Not so very long ago, I made my first post on Archivist Apprenticeship and shared with you the story of Joe Carithers’ water from beneath the Rainbow Bridge. It’s hard to believe that this post will be my last, and will mark the conclusion of my graduate assistantship at Special Collections.
Anticipating my entry onto the job market, I’ve spent much of the past month preparing for and attending conferences so I can share my recent work with other scholars. At the American Comparative Literature Association annual meeting in late March, I presented my current research into archival things and their relationship to theories of materiality. As part of a panel on “Neglected Lifeforms,” I engaged in conversations with professors and graduate students who write about dust, atmospheric particles, equine disease, fungi, wheat, soil, and the erotics of plants. My presentation, in part, reflected on the physical experience of processing the John W. Murphey records and the ways the oversized ledgers dried my hands and made me sneeze, drawing my attention to the non-textual, non-pictorial elements of the ledgers. I paired the ledgers with another agent of bodily change, ubiquitous in the Sonoran desert: puncture vine (Tribulus terrestris). An interdisciplinary panel of this kind can be really beneficial to archivists, because it introduces us to theories and ways of thinking about archival things that we might not otherwise engage.
The fruit of Tribulus terrestris. Some people use them as a hormonal supplement; I just get them stuck in my feet. 😦
For conference #2, I traveled back East to an archives conference. Outside of Special Collections, I am a curator for the Pittsburgh Queer History Project – an oral history and media archive focused on gay & lesbian after-hours nightlife, 1960-1990. Along with the lovely Harrison Apple, I demonstrated some of the ways community archives can productively complicate our concepts of ‘archival records’ and ‘linguistic tokens.’ Shifting back to my training in sociolinguistics, I used VHS tapes of 1980s drag queen pageants to consider how we might write a history of Pittsburgh English that can take into account queerness and performance. As always, the video of Pittsburgh sportscaster Myron Cope – often called the ‘voice of Pittsburgh’ – detailing the origins of the Terrible Towel brought more than a few chuckles. It was a delight talking to other presenters and attendees afterward about methods for community engagement.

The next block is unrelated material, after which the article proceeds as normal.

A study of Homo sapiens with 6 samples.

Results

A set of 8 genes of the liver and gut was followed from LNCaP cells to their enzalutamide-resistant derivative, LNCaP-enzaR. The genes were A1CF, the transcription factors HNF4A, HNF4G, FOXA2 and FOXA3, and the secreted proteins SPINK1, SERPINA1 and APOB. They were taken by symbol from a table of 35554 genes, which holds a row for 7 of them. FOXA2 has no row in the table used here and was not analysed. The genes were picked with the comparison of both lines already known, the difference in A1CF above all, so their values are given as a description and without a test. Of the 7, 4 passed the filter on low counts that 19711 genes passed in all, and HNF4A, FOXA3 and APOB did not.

Though our presentation went well, our conference experience started off on a bad foot with an even worse shoe. As we approached the conference registration table, Harrison asked the volunteer at the table for directions to our conference room. The volunteer looked at us and replied, with undue self-assurance: “This is a conference for archivists, actually,” and suggested we might be at the wrong table. Harrison – with discernible annoyance and a tone as pointed as a freshly-sharpened pencil – assured her that we did in fact know which conference we were attending. Another, somewhat embarrassed volunteer gave us directions. As we made our way towards the meeting rooms, I saw archivists with all manner of dyed hair, plaid bucket hats, tattoos, and casual wear. Looking around, it became clear: to that volunteer, we looked too queer or too trans to be archivists.
Me, after receiving my name badge and conference program.
There continues to be a gap between the language of diversity & inclusion, and the personal commitment by archivists and librarians to doing the deep work: processing (emotionally), alone, outside of work hours, all the biases which inform our actions. Changing methods of description and widening collection policies has to be accompanied by attention to interpersonal interactions. In 2018, it was disturbing to find that someone would presume we couldn’t be archivists because of how we looked, but I know that we – as two white scholars with no visible disabilities – didn’t even experience the worst of this kind of behavior.
My conference experience was a timely reminder of the interpersonal work ahead of me in the archival world. With my experiences here at Special Collections – both with people and archival objects – I feel more prepared to be part of the discourse which shapes the field. How can we keep an eye on theory while engaging in archival practice? How can we spot the gap between discussions of inclusion and openness, and the lingering discomforts and prejudices we harbor internally? How can archivists learn from the researchers we serve as much as they learn from us? After a year at Special Collections, I’m ready to take these questions out into the world and work on them – collaboratively, patiently, looking exactly as I do.